I’m taking a quick break from my usual business themed posts to discuss something that is close to my heart: frequent flying.
Due to my hands-on approach to sales in our company, I have to fly a lot to meet customers or join partner tours all over the USA, as well as internationally. The fact that our company has a head office in Cape Town, South Africa, makes things even more interesting. As a result, I end up flying a lot.
I worked out that in a typical month, I could easily spend 100 hours on planes and in airports. That’s a lot of mileage, and a lot of waiting around. I try not to even think about the dozens and dozens of nights spent in hotels, away from home.
Eventually, you learn to take it all in your stride and live with it, but I still can’t understand why people think the “jet setter” lifestyle is glamourous. It’s not as though business travelers are jetting off to Ibiza or Macau to party every two weeks.
There are some perks though. Here’s a summary of the pro’s and con’s of frequent travel as I see it.
1. Waking up before the crack of dawn to catch a 6:30am flight. This happens more often than you would think. Particularly in the USA, where you are going to be routed through a major hub like Chicago, where you will wait for 2 hours before getting your connecting flight.
2. Security lines. Usually, this involves rapidly taking off half your clothes and ripping apart your carry-on bag, while often stuck behind impossibly slow vacation travelers, or worse- families.
3. Flight delays. A constant irritant in America and Europe’s crowded skies. Especially when you are delayed for hours while sitting on the tarmac after boarding a 6am flight, which is often the case at New York’s La Guardia airport.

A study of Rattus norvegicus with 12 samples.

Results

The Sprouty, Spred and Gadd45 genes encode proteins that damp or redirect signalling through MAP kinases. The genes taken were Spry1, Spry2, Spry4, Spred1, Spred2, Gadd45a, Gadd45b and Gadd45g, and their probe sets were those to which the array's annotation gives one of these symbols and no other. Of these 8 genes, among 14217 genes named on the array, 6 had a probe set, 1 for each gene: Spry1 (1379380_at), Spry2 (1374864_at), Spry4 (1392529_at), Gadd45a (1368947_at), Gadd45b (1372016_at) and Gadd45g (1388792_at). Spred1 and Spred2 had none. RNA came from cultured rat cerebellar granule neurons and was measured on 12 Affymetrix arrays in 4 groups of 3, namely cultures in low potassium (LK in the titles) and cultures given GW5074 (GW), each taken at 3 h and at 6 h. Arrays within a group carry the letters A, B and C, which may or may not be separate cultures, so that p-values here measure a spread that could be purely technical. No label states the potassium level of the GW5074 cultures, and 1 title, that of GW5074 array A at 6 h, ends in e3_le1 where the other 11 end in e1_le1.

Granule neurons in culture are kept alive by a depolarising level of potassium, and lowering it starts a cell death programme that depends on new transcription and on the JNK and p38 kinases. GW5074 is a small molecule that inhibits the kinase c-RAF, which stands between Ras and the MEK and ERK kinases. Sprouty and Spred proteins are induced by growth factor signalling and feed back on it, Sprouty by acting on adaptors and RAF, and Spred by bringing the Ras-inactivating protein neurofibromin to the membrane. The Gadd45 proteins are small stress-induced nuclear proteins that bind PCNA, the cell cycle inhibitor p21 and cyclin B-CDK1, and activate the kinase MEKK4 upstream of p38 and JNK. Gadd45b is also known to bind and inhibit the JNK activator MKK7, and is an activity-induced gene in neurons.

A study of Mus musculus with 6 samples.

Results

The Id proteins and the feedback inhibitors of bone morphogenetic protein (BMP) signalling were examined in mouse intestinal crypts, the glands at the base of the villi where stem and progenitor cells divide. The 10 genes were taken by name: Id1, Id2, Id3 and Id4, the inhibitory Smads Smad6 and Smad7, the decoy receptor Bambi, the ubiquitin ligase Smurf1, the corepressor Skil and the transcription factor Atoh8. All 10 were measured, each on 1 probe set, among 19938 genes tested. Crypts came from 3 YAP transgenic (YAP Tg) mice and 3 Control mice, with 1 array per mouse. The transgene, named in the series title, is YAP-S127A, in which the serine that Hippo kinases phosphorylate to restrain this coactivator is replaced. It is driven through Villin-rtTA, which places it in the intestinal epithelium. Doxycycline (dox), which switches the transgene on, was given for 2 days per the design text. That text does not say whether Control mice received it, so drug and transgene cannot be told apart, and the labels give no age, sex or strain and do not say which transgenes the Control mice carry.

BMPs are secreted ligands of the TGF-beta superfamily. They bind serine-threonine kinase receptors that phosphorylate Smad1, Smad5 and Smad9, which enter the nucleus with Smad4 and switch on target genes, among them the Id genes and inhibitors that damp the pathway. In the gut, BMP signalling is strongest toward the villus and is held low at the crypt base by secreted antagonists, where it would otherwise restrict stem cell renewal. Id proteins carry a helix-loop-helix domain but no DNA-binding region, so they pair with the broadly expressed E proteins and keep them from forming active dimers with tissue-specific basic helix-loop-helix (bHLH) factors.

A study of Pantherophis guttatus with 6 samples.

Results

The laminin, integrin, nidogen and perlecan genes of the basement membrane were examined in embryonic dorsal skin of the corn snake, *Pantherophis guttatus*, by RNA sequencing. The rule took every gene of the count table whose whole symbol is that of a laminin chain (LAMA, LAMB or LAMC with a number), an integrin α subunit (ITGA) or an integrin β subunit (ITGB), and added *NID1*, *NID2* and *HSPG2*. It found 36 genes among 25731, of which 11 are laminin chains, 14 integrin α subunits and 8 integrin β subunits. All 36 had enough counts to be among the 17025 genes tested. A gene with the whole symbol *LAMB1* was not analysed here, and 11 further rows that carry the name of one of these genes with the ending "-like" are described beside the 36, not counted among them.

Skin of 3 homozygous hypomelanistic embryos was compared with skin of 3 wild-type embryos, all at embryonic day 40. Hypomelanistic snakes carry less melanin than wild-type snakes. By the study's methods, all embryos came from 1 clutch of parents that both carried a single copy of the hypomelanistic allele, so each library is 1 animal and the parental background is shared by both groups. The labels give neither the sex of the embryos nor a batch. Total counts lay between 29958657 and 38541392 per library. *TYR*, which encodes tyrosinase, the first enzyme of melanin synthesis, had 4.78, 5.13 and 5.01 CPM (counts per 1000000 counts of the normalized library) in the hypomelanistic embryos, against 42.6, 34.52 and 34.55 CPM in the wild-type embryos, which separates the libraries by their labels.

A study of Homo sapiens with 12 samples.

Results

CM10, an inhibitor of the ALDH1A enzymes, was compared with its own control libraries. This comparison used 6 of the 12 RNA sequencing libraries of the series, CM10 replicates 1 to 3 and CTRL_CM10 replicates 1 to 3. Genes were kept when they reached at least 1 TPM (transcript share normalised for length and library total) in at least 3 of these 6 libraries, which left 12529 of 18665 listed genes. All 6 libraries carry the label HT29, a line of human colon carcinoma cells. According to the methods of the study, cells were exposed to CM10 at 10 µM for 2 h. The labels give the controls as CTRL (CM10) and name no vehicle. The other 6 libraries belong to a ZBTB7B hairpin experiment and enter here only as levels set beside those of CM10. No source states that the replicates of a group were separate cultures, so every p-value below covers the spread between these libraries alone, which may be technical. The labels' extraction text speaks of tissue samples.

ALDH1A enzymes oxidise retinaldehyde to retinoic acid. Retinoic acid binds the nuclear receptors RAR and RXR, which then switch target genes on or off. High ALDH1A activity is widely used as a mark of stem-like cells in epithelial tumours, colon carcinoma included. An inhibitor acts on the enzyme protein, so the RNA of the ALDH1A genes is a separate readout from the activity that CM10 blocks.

4. Wasting time in between things. There is a lot of “filler time” that needs to be spent while traveling. Checking in, passing security, moving between gates, checking on flight statuses, waiting around while delayed, etc. This can be mildly improved by answering email or reading a little, but it’s still pretty much unproductive.
5. Screaming babies on planes. I don’t really need to explain this one.
6. Jumping time zones. You eventually learn to deal with jet lag effectively, but it can scramble your body clock somewhat, causing sleepiness during an important meeting, or ravenous hunger in the middle of the night, which isn’t exactly ideal.
With the con’s now out of the way, let’s move on to the better stuff.
1. Priority access. With good airline status, you get faster check-in, security line skipping, lounge access and priority boarding. For the frequent traveler, these things are absolutely essential, and make a world of difference. I’m not sure if this is just making the best out of a bad situation, but I know that I truly appreciate it when I have it and painfully miss it when flying on the wrong airline.
2. Time to think. Aside from the waiting around in airports, the actual time spent on a plane can often be a peaceful time to read or think. Not surprisingly, I get most of my blogging done on flights.
3. Hotels (if you like hotels). There is a definite point when checking out new hotels produces diminishing returns (no matter how swanky), but occasionally (and especially when my schedule isn’t jam packed), they can be pretty cool.
4. Visiting new cities. Much like the previous point, this really improves when my schedule isn’t insane, but either way, there is the chance to grab a business dinner or drive through town on the way to a meeting. I never get to see the sights on business trips, but at least I can say that I’ve visited a lot of places, sampled the food, and checked them out a little.
5. The camaraderie among regular travelers. Whether they are new acquaintances or old buddies from “the road”, frequent travelers tend to get each other, regardless of age. We can swap stories (good and bad) for hours. The quality of this experience is amplified to great effect when salespeople get together.
That’s it for now. What are your likes and pet peeves about frequent flying?